U.S. Water News Online
WINDOW ROCK, Ariz. -- The Navajo Nation Council has
approved a proposed settlement that would end a decades-old lawsuit
regarding water rights in the San Juan Basin of northwest New Mexico.
The council attempted to take up the matter at an earlier meeting
but did not have a quorum. During a special session, the council
finished reading the settlement into the record and voted 62-18 in
favor of the deal.
The settlement agreement establishes the Navajos' rights to more
than more than 600,000 acre-feet of water -- about 56 percent of the
available depletion water on the San Juan Basin.
In return, the Navajos would give up 44 percent of their water
right claim in the basin.
Some people had concerns that the settlement would result in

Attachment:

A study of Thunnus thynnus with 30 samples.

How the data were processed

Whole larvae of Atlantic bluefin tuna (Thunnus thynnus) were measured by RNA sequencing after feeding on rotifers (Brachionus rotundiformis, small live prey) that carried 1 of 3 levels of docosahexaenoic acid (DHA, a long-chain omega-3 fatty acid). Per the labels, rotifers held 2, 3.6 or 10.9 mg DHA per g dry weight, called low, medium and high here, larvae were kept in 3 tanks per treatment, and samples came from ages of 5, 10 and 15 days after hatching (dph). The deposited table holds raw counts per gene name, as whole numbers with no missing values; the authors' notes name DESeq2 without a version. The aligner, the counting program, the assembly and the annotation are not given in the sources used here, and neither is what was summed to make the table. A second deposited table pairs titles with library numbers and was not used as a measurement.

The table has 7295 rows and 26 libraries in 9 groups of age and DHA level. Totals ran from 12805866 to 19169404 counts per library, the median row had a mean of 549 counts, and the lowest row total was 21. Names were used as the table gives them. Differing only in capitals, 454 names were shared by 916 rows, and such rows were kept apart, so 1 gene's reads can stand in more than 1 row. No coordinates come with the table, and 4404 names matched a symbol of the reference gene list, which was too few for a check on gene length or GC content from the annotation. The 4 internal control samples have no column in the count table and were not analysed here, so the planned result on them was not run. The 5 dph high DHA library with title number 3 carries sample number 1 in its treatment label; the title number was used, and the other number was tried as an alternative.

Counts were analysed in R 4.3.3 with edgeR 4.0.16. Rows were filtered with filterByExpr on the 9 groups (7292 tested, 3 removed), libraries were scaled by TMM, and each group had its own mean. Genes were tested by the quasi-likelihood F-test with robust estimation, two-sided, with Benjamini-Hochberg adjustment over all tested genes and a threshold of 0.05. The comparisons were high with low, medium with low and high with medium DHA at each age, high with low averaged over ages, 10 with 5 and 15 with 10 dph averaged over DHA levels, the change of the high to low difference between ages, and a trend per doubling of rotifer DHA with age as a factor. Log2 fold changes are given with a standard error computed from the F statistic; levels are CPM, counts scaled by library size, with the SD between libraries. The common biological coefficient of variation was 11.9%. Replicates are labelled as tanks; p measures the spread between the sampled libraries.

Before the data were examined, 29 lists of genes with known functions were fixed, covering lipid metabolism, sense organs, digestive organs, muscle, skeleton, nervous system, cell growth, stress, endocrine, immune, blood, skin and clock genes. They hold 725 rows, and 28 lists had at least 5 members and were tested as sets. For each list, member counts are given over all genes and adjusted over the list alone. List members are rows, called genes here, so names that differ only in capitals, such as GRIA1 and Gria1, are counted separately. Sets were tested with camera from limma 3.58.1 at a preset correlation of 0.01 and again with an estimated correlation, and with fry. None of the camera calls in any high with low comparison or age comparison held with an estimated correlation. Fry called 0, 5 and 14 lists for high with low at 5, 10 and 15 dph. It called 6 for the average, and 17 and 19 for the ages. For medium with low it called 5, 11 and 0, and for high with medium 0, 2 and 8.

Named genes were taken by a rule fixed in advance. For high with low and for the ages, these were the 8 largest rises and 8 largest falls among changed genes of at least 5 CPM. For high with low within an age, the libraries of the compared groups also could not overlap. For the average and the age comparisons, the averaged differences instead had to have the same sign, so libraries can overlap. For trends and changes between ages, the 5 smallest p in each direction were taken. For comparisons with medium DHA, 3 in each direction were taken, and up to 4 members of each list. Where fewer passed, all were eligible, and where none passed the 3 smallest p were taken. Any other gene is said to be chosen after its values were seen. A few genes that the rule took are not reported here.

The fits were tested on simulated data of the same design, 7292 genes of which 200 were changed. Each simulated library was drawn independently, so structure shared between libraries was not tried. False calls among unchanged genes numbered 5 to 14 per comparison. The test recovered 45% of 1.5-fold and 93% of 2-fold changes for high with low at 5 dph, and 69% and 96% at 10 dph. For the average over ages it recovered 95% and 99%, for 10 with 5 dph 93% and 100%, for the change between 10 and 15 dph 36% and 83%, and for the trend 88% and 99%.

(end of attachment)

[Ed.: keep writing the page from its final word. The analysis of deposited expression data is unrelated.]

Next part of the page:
off-reservation water users losing their rights, but New Mexico State
Engineer John D'Antonio said the agreement would protect non-Navajo
water right owners.
The settlement is the result of closed-door negotiations between
the engineer's office and the tribe, which spans parts of New Mexico,
Arizona and Utah.
The state engineer's office released the first draft of the
settlement Dec. 5, 2003. A second draft was released July 9 after
public comments and a third draft was released this month.
The latest draft removed more than $372 million that would have
been used to help finish the Navajo Indian Irrigation Project, a
canal system at the Navajo Agricultural Product Industry's farm south
Sen. Pete Domenici, R-N.M., had insisted on the removal of the
funding because he said the overall settlement was too expensive for
In addition to Congress, the state attorney general and the New
Mexico Interstate Stream Commission must approve the settlement.